Metaverse: Facebook's new avatar - Part 1





Recently Facebook CEO Mark Zuckerberg introduced Meta, which brings together their apps and technologies under one new company brand. Facebook will still continue to be known as Facebook but the governing company will be titled as Meta. Meta’s focus will be to bring the metaverse to life and help people connect, find communities and grow businesses.


But what is metaverse? Author Neal Stephenson is credited with coining the term "metaverse" in his 1992 science fiction novel "Snow Crash," in which he envisioned lifelike avatars who met in realistic 3D buildings and other virtual reality environments.


Since then, various developments have made mileposts on the way toward a real metaverse, an online virtual world which incorporates augmented reality, virtual reality, 3D holographic avatars, video and other means of communication. As the metaverse expands, it will offer a hyper-real alternative world for you to coexist in.


Inklings of the metaverse already exist in online game universes such as Fortnite, Minecraft and Roblox. And the companies behind those games have ambitions to be part of the evolution of the metaverse.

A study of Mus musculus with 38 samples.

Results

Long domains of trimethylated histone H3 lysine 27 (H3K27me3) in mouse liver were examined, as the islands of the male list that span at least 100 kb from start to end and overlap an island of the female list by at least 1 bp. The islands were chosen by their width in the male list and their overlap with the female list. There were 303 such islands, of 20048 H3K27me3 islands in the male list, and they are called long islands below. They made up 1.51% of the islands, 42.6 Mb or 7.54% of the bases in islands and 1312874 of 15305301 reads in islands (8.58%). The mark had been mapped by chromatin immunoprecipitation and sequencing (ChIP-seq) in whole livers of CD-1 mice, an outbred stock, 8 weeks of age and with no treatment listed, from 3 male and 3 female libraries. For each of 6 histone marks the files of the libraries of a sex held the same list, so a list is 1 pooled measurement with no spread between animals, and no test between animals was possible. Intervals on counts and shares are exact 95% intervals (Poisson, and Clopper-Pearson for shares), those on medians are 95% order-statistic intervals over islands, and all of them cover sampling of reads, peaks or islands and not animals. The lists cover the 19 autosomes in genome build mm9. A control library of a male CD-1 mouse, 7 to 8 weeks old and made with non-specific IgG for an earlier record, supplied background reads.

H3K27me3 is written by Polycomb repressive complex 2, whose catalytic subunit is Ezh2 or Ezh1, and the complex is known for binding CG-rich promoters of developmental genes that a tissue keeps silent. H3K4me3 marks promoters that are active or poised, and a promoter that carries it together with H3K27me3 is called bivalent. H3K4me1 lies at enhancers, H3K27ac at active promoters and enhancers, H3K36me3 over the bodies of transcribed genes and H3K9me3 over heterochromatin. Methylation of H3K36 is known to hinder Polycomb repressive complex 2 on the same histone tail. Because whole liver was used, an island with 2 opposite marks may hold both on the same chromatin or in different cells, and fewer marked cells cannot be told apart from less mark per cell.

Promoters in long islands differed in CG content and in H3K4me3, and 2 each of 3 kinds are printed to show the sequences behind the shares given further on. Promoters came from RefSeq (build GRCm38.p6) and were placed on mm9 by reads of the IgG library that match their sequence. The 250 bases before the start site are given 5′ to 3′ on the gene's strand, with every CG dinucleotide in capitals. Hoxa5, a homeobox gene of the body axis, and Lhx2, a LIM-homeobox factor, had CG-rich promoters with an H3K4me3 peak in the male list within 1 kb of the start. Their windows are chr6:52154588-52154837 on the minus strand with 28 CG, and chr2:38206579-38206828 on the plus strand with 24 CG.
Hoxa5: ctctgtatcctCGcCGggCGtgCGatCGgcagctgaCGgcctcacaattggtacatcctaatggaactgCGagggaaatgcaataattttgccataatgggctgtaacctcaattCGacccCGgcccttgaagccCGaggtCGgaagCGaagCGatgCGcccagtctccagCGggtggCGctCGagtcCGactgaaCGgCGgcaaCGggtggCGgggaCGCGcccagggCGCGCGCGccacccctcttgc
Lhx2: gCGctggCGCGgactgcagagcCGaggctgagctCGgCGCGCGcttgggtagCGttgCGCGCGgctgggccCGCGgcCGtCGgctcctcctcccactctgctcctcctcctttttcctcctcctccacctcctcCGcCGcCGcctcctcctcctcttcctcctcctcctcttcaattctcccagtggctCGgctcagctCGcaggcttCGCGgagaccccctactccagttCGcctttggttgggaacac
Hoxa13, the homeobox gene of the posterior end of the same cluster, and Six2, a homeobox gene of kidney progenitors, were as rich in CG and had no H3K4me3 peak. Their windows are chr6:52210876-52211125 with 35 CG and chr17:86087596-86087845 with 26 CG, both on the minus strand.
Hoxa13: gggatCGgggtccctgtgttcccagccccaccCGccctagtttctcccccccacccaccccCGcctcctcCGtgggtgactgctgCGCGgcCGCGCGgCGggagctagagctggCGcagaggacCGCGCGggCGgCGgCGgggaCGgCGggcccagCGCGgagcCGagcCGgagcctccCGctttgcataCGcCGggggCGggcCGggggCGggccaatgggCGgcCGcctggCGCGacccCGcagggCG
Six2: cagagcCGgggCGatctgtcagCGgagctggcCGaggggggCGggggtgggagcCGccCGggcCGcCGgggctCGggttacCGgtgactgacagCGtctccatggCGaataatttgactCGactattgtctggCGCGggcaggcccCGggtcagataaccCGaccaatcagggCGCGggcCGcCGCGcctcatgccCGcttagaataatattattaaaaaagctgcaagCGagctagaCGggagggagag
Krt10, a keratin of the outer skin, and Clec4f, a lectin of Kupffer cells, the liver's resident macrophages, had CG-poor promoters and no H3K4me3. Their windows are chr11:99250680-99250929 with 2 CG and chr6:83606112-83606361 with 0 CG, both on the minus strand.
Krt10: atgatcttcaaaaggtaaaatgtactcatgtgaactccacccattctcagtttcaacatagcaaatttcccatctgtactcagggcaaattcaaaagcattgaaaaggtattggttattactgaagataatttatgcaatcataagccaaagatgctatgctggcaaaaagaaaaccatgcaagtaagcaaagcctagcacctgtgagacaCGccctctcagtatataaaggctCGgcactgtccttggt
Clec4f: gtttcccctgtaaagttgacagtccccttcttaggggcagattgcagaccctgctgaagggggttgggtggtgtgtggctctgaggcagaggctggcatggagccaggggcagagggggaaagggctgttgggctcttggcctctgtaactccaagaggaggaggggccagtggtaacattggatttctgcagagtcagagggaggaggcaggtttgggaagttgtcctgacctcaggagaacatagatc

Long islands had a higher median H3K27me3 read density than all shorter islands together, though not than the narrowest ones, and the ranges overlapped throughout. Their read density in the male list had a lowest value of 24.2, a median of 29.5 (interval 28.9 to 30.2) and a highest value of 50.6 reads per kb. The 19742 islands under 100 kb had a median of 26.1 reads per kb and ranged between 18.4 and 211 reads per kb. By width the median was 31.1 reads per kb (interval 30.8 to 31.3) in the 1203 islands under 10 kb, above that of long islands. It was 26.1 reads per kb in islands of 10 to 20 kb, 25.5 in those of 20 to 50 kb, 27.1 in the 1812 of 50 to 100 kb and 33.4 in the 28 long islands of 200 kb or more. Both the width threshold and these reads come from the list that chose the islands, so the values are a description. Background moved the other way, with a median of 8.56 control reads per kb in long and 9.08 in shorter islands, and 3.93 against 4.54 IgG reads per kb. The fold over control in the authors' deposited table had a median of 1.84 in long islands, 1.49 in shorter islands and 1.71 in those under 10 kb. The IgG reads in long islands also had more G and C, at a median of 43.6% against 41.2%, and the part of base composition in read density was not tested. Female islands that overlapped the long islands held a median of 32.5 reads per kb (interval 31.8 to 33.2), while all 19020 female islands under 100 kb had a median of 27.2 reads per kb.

What is the metaverse?

It's a combination of multiple elements of technology, including virtual reality, augmented reality and video where users "live" within a digital universe. Supporters of the metaverse envision its users working, playing and staying connected with friends through everything from concerts and conferences to virtual trips around to the world.


To help you get a sense of how vague and complex a term “the metaverse” can be, here's an exercise to try: Mentally replace the phrase “the metaverse” in a sentence with “cyberspace.” Ninety percent of the time, the meaning won't substantially change. That's because the term doesn't really refer to any one specific type of technology, but rather a broad shift in how we interact with technology. And it's entirely possible that the term itself will eventually become just as antiquated, even as the specific technology it once described becomes commonplace.


Broadly speaking, the technologies that make up the metaverse can include virtual reality—characterized by persistent virtual worlds that continue to exist even when you're not playing—as well as augmented reality that combines aspects of the digital and physical worlds. However, it doesn't require that those spaces be exclusively accessed via VR or AR. A virtual world, like aspects of Fortnite that can be accessed through PCs, game consoles, and even phones, could be metaversal.


In part 2 of the article, we will discuss what is Facebook’s vision of metaverse and who are the other companies that are working on metaverse.